NZ economic growth seen slowing as low commodity prices weigh
By Paul McBeth
May 21 (BusinessDesk) - New Zealand's economic growth is expected to slow from previous forecasts as low global commodity prices weigh on the nation's exports of primary products, which account for about 15 percent of the country's overseas sales.
Gross domestic product grew 3.3 percent in the year ended March 30 according to the Treasury's latest forecasts in the 2015 budget, slower than the 3.5 percent pace predicted in the December half-year fiscal and economic update. That pace of growth is seen shrinking to 3.1 percent in the 2016 financial year, 2.8 percent in the following two years, and 2.4 percent at the end of the forecast horizon in 2019.
While that puts New Zealand in the top bracket of growth among developed nations, it pushes out about 0.7 of a percentage point of expansion in the 2015 and 2016 financial years to the 2018 and 2019 years.
Oil prices slumped last year as members of the Organisation for Petroleum Exporting Countries kept up supply in the face of rival producers, sapping inflation around the world, while a build-up in inventories of forestry and dairy products in China sent those soft commodity prices lower through 2014.
"Lower dairy prices are a headwind for growth, however, and global uncertainties remain," Finance Minister Bill English said in his address to Parliament. "Lower-than-expected prices also mean that nominal GDP - the size of the economy in dollar terms - is not rising as quickly as previously expected, despite solid growth in the real economy."
The Treasury revised its forecast for exports, seeing growth of 2.2 percent in the 2015 year, falling to 0.5 percent in the 2016 year. It anticipates higher global oil prices with West Texas Intermediate forecast to rise to US$78 a barrel in the 2019 March quarter from US$49 a barrel, while whole milk powder is seen almost doubling to US$3,900 per metric tonne by the end of next year.
"The outlook for dairy and other export commodities is similar to the half year update, but oil prices are considerably weaker," the Treasury said. "Although still expected to decline in the short term, the terms of trade are expected to trough at a higher level and remain higher than the half-year update throughout the forecast, chiefly as a result of lower import prices."
The Treasury acknowledged that risks to the global commodity outlook were skewed to the downside. If a recovery in commodity prices weren't to eventuate, New Zealand's economic growth would be even slower in the out-years and inflation would take longer to the get to the 2 percent mid-point of the central bank's target band between 1 percent and 3 percent.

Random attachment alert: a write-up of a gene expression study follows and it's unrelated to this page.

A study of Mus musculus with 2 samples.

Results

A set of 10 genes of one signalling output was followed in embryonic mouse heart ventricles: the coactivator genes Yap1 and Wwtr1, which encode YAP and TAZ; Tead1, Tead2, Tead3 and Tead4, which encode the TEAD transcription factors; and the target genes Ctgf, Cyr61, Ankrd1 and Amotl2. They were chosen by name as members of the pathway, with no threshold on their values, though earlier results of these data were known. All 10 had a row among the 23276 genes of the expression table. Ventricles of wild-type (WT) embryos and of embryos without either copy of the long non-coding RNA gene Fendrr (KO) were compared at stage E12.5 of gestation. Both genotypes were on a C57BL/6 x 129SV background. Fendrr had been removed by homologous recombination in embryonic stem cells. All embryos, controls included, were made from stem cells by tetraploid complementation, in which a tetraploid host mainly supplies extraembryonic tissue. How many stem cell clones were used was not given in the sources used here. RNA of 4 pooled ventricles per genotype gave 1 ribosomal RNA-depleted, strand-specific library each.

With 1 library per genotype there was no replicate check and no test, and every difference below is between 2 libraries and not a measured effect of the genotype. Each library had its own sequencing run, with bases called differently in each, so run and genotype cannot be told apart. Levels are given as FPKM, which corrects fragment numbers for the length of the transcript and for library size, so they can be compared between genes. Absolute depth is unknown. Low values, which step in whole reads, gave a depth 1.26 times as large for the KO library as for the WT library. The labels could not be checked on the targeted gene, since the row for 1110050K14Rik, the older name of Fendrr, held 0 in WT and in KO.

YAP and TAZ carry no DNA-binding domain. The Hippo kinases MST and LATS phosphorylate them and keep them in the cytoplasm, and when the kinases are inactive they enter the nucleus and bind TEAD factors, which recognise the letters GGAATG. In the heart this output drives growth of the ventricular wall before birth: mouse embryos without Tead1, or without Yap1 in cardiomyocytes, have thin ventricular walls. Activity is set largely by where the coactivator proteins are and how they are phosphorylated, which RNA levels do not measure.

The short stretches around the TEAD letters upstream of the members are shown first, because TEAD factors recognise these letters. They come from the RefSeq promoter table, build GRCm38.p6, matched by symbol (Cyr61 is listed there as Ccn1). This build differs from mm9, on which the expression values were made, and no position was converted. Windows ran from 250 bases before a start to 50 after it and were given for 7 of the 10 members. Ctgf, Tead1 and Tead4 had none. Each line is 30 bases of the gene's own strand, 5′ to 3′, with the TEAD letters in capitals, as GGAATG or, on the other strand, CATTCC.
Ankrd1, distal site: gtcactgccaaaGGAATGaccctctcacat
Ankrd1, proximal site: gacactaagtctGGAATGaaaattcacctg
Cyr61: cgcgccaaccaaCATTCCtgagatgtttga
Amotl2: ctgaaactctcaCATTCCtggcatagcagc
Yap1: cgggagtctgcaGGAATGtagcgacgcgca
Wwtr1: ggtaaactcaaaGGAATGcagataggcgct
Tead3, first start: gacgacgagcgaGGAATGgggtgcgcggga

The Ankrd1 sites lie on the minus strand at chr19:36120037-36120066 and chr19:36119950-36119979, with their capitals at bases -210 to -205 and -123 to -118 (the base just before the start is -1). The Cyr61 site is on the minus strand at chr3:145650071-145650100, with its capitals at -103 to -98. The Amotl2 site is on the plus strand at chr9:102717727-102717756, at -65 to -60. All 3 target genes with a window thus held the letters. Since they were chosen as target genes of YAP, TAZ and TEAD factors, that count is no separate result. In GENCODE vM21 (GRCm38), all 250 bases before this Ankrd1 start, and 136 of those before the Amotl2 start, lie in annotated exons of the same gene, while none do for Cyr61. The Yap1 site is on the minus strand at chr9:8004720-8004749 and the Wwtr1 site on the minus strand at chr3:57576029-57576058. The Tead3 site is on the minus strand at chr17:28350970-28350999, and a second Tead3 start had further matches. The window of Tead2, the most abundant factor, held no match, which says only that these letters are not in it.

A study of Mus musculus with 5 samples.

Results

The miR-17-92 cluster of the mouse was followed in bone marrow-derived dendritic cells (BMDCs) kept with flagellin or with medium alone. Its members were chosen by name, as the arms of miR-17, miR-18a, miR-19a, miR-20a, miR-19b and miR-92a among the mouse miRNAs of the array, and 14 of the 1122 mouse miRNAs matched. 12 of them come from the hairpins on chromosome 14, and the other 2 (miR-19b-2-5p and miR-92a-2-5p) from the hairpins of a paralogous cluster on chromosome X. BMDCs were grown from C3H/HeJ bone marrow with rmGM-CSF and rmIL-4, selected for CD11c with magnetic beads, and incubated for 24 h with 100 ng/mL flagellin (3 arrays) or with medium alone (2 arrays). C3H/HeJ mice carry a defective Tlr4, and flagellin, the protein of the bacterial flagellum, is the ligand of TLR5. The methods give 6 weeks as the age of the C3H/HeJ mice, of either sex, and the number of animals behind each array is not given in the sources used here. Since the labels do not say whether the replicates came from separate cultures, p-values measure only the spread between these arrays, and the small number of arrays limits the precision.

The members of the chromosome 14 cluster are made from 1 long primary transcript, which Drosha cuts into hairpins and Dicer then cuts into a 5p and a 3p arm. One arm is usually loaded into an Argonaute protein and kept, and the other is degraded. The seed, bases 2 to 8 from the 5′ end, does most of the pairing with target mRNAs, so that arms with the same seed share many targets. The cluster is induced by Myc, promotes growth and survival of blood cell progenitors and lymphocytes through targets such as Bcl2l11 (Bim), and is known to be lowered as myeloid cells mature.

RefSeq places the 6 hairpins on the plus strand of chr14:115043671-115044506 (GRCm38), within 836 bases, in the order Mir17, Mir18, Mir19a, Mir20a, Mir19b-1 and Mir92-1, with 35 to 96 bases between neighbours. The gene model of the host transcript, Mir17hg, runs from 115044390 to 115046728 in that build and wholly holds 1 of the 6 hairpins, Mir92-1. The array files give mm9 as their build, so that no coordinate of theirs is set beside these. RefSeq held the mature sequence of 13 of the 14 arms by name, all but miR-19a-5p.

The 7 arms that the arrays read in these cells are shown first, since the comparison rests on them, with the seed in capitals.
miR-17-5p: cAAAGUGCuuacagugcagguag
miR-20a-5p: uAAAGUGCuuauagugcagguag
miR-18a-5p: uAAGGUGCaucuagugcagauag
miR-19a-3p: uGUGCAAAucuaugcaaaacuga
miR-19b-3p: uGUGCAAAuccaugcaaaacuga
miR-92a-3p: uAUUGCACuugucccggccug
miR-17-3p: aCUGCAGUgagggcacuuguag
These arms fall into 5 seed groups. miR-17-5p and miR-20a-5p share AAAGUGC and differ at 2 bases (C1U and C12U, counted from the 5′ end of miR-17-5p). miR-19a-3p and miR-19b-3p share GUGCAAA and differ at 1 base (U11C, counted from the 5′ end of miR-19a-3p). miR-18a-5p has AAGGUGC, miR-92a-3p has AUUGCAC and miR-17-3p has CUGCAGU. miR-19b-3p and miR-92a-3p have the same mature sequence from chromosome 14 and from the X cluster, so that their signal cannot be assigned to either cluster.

The global slump in oil prices has led to a number of forecasters, including the Reserve Bank, to be surprised by the low pace of inflation, and the Treasury now predicts the consumers price index rose 0.2 percent in the year ended March 31, accelerating to 1.4 percent in the following year, before reaching the mid-point in 2017 year as the output gap veers into positive territory in 2016.
Those expectations for low inflation feed into the Treasury's interest rate outlook, with the government's financial adviser seeing the 90-day bank bill rate, often seen as a proxy for the official cash rate, largely unchanged from the 3.6 percent forecast in 2015 before rising to 4.3 percent in the March 2018 year and 4.8 percent the following year. In its December forecast, the Treasury has predicted the rate to rise to 3.9 pecent in 2016, advancing to 5.2 percent by the end of the horizon in 2019.
Chief among the assumptions underpinning the forecast are the future path of commodity prices, New Zealand's trading partner growth, the current migration cycle and the impact of the summer drought.
Inbound migration is seen as peaking in June 2015 with an annual net inflow of 56,600 before slowing to the long-run assumption of 12,000 by mid-2017. If inbound immigration continued to surprise on the upside, the Treasury would expect faster economic growth in the next two years as new migrants would fuel consumer spending, before putting more pressure on the housing market.
The Treasury's primary forecast is that house prices rose 6.8 percent in the March 2015 year, and that increase is expected to slow to a 5.2 percent pace in 2016, falling to 2 percent in 2019.
Residential investment expansion is expected to have peaked in the March 2015 year at 13.9 percent, slowing to 11.9 percent in 2016, 5.3 percent in 2017 and 4 percent in 2018. Market investment is also seen as having peaked in the March 2015 year at 6.7 percent, slowing to 5.4 percent in 2016, 5.1 percent in 2017, then 2.9 percent and 2.4 percent in the following years.
New Zealand's unemployment rate is expected to keep declining, and is forecast at 5.6 percent in the March 2015 year, falling to 4.5 percent by 2018.